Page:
Stop preaching, start teaching what you know

Do you know what makes a good teacher?

The internet has an abundance of second-hand advice from the unskilled and underprepared. It seems all you have to do is slap on a teacher label and start preaching. I’ve read countless articles where the author purely reiterates what they’ve learnt from someone else, but not what they’ve actually done.

I’ve also seen people jump straight into teaching before actually doing any of the work. Just because you know something, doesn’t make you qualified to teach it. We seem to forget that there’s an in between step between knowing and teaching something — doing.

In order to teach, you actually have to do the work first. Take a Veterinary professor for example,  it’s not enough for them just know about Veterinary science in order to teach it. They also have to have experience in diagnosis and performing surgeries. Who’s advice would you trust more — someone who’s read a few books on Veterinary science, or someone who’s had experience performing surgeries?

Good teachers have experience in what they’re teaching. They don’t just know about a topic, they’ve lived and breathed too. It’s no use teaching a topic you don’t know about. Instead, teach what you know.

I’ve talked to a lot of people who want to get into teaching but don’t feel qualified. Perhaps they feel they have nothing valuable to offer, don’t think anyone will care or simply don’t believe they’re good enough to teach.

So, what makes you qualified to teach what you know?

First you actually have to do the work. Don’t start offering advice on the how to cook a pie if you’ve never cooked one before. Reading a pie recipe doesn’t make you a qualified chef.

If you’re currently in the knowing phase, then you’re probably not ready for teaching. Alternatively if you’re in the doing phase, there’s a chance that teaching might be a good next step for you.

I hear time and time from people who want to teach but don’t believe they have any value to offer. With the vast amount of talent and industry level teachers, it can be discouraging. However, not everyone needs or is ready for high level learning. People are scattered all throughout the spectrum from beginner to expert, and you don’t need to be offering expert advice in order to help someone.

You just need to know more than one person. By knowing more than one person, you can help that person get from where they are now to where you are — through teaching. By doing so, that person will see you as an expert.

Sam Jarman is not the best coder in the world, but he’s far better than me! Because Sam knows and has done things that I don’t have experience in, he has value to offer me. I’m subscribed to his Junior Dev Diaries which I receive each week. The content is relatively low level and aimed for people like me — which is perfect! Because Sam is ahead of me and has more knowledge and experience than me, I find value in what he has to teach and see him as an expert on the subject.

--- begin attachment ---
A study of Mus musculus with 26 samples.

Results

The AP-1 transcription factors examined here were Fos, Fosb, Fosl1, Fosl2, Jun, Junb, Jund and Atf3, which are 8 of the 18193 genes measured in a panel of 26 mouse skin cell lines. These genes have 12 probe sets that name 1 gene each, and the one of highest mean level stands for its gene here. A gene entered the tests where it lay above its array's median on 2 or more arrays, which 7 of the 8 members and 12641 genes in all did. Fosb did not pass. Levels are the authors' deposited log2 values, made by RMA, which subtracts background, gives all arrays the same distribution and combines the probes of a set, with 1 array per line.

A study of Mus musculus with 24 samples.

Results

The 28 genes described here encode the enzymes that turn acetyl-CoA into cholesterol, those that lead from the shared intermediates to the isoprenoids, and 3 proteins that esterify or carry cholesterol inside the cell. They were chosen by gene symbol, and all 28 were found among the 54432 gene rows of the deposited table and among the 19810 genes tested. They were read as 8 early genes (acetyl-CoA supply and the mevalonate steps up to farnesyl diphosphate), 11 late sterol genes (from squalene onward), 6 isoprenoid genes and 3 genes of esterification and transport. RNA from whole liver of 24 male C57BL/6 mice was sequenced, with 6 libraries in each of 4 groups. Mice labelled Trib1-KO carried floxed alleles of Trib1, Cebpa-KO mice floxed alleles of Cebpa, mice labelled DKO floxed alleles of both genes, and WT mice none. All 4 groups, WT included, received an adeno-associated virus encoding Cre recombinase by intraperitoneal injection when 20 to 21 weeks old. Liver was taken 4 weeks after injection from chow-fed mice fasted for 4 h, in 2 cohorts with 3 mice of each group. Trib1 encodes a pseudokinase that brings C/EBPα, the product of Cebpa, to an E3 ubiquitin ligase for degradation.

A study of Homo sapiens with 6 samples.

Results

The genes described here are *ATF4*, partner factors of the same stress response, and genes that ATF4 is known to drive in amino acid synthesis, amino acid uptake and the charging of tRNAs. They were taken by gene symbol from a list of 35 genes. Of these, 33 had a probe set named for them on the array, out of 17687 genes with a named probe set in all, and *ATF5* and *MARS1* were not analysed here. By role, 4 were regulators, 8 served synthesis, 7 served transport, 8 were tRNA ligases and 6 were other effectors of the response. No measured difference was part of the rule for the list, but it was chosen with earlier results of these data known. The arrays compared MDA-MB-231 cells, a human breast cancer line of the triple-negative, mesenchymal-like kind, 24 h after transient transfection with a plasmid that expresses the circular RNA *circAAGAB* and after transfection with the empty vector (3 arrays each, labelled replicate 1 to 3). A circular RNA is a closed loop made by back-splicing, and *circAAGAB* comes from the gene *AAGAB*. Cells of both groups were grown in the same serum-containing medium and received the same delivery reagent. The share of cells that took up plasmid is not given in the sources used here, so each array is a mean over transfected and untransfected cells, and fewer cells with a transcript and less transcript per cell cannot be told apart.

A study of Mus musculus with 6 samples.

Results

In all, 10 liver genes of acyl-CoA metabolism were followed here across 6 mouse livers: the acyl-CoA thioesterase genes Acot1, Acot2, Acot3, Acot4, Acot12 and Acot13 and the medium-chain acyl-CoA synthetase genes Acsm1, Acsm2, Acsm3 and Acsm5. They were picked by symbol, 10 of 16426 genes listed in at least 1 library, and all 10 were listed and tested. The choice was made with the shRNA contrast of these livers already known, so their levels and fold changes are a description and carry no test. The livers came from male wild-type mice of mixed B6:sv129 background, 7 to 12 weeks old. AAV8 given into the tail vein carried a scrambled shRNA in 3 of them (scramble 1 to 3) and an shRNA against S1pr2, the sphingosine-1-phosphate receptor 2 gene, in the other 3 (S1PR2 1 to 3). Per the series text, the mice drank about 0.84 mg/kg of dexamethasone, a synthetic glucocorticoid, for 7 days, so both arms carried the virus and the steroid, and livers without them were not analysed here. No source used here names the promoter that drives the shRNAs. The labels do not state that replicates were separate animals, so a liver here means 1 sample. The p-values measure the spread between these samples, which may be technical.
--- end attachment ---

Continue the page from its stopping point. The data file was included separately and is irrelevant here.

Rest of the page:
When you’re more experienced than someone else, you have an opportunity and responsibility to share what you’ve done in order to help them. As your mother probably told you, sharing is caring. If you have value to offer, don’t keep it locked away inside for personal gain.

If you want to start teaching, the best place to start is to teach what you’ve experienced. What have you learnt throughout those experiences? What were the challenges you’ve had to face, and how did you overcome them?

People respect honesty, so it’s important to only share what you actually know. I’ve been asked multiple times “How do I transition from part-time to full-time freelancing?” I’ve never worked as a full-time freelancer, so my answer is simply “I don’t know!”.

Teaching things without having had first-hand experience only makes you a second-hand preacher. Instead of teaching something you only know about, focus on teaching the things you’ve done.

Don’t rush into hosting a webinar on marketing an online course if you haven’t actually marketed an online course yourself. Just because you’ve read a zillion books on it doesn’t mean you know how to do it successfully. Do the work first. Then teach.

The Heart School is a good example of two teachers who have actually done the work. Between them they have decades of industry level experience in early childhood. Because of their experience and time spent doing the work, they have immense value, knowledge and wisdom to teach.

When I started teaching through writing I was worried about who (if any!) would read it and when & where I was going to publish. I was worried about the logistics and side effects instead of focusing on what I was going to teach.

Picture an author writing a book. They don’t start with the book cover, they start with writing.

Teaching is no different. Instead of focusing on how you’re going to teach, which platform, how often etc, the best place to start is to just start teaching!

Focus on understanding what you’ve learnt and how you can turn that into value for others. You can worry about how and when you deliver it later.

We’ve all done something that’s worth teaching. While what you know and have done may not be relevant for the advanced players in your field, maybe it can help a beginner out?

Imagine if we were all generous enough to teach what we know with those around us. We’d all become pretty smart human beings.